Most states require only 3 board members on the board of directors in order to incorporate a nonprofit. Depending on the situation, it has been my experience that many new nonprofits are started by a small group of friends, colleagues, associates or even family members with a common interest. Unfortunately, not much attention is paid to the qualifications and expertise of these individuals. Even more unfortunate is many of these organizations continue to recruit and add board members who are either under-qualified to serve as board members or who are simply not ” board material”.
Of course, starting a new nonprofit can be exciting, and if you know of others who have your same interest at heart, their willingness and eagerness to buy into your ideas give you a great sense of inspiration, prompting you to invite them to join your board. However, recruiting board members should be done just as strategically as developing your funding plan and creating your organization’s programs.
Board members are not simply appointed to fill the seats around the table in the boardroom. Board members are most effective, particularly within new and small nonprofits when they can assist in operations and perform duties that would otherwise be performed by staff members, but on a voluntary basis (in the event that staff members can not be afforded or compensated).
While it may sound prestigious to say that you are nonprofit board member, board members have a number of responsibilities. When recruiting board members, keep mind that you will want a strong board, a board that is competent and capable of the following:
1) Governance and Policy Creation: With this board members should not only be able to understand and articulate the mission of the organization, but to assist in the development and revisions of policies where necessary, and establish and oversee committees.
2) Stewardship: Board members (or at least a representative of the board) should be knowledgeable in regards to finances and fiscal responsibilities. They should be able to develop and approve budgets, ensure financial accountability, and ensure the effective and efficient use of resources.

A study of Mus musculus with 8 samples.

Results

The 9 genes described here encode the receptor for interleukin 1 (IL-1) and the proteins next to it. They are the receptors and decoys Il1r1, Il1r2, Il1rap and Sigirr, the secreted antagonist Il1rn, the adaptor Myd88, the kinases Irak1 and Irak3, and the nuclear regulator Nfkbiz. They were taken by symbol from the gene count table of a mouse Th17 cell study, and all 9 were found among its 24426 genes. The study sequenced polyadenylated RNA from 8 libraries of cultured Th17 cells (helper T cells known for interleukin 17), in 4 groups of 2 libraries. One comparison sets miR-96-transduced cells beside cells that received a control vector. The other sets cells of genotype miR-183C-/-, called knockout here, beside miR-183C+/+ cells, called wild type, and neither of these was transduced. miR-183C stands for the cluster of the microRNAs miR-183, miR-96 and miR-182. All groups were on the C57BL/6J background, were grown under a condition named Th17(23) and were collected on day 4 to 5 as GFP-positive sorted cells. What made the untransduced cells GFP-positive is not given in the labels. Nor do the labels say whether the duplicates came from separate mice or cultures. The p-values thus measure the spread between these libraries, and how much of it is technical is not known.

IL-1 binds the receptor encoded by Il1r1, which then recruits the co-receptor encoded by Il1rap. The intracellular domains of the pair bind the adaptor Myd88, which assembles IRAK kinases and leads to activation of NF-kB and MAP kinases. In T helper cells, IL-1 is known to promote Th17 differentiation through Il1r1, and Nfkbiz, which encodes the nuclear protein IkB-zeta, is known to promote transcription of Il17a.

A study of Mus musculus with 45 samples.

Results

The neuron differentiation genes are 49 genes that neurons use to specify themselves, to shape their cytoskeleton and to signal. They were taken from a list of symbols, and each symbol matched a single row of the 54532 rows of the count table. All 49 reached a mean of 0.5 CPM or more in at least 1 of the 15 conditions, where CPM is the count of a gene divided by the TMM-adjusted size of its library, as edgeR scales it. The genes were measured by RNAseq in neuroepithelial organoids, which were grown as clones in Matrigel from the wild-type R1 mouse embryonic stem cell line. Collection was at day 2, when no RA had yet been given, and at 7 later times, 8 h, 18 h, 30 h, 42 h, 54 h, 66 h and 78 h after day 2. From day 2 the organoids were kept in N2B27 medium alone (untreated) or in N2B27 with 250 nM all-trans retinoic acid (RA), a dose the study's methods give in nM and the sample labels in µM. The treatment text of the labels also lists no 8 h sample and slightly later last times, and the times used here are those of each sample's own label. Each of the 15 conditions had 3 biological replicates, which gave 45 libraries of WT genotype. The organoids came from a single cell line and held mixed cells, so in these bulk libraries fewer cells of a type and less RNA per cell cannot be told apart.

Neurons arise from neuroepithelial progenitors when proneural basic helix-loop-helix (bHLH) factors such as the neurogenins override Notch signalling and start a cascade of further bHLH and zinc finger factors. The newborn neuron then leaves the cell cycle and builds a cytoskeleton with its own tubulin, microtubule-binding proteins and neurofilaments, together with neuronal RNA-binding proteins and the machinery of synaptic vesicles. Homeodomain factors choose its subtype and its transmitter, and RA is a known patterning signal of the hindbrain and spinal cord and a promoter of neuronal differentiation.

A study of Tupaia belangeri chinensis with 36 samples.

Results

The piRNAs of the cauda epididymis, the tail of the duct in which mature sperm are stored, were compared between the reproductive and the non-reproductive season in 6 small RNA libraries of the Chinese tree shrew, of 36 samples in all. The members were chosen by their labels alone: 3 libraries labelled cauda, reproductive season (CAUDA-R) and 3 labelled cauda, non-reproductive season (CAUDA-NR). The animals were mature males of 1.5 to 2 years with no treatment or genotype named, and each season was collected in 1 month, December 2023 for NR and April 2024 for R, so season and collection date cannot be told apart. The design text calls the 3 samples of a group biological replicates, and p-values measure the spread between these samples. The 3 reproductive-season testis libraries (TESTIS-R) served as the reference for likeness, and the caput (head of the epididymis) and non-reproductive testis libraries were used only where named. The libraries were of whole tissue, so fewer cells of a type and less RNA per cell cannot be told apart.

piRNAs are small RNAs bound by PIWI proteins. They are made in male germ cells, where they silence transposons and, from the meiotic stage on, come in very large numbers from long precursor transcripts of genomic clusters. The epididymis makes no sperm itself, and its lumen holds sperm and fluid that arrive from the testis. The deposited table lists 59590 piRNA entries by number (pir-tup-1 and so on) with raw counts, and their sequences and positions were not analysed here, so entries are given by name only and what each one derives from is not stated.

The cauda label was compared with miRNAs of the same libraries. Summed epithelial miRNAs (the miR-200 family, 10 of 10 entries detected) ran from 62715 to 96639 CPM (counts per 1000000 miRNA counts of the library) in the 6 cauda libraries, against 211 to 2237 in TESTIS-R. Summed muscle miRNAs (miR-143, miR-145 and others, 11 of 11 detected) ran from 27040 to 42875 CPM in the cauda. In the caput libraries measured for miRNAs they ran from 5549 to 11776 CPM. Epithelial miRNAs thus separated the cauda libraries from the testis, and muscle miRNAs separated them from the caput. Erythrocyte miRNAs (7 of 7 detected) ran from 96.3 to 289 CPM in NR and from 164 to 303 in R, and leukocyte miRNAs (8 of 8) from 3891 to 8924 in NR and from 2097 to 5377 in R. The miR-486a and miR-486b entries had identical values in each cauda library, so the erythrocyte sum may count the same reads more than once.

3) Building: Board members should be able to act as leaders. Board members should serve pivotal roles in strategic planning and planning for major fundraising and funding efforts. Board members should also lead by example and be willing to mentor and education new board members, assist in securing finances for the growth and development of the organization, and provide oversight and guidance as the organization works toward the achievement of specific goals and objectives.
4) Advocating: Board members should serve as advocates as well as ambassadors for their organizations and for their cause in particular. Board members should support and protect the organization’s image, actively seek opportunities to share the mission of their organization with others.
5) Leading in Operations: Board members should be able to assist in recruitment and hiring of staff when necessary, review and evaluate in matters relating to compensation of staff, identify and develop programs that will aid in the growth of the organization, establish and oversee operational policies and guidelines, and and serve in the capacity of the “court of appeals” in the event of disagreements or organizational disputes.
Now, these are just the basic requirements of a board that “brings it”. By “bringing it”, I mean a board that is functioning as it should, a board that will be regarded as strong and competent as it relates to sustaining a successful nonprofit.
Again, while your board should definitely be diverse in its make-up and should include a mixture of backgrounds, expertise, experiences, skills, talents, and statuses (socio-economic and professional), all board members regardless of their personal or professional backgrounds should be knowledgeable and willing to operate in the above mentioned roles.
If your board members are not up to par in these areas, continuing education and board training is an absolute necessity. If you have board members who are unwilling to serve in a manner that moves them from simply being a warm body in the boardroom to “bringing it”, perhaps it is time to re-evaluate … and even renew, revise, and restructure your board.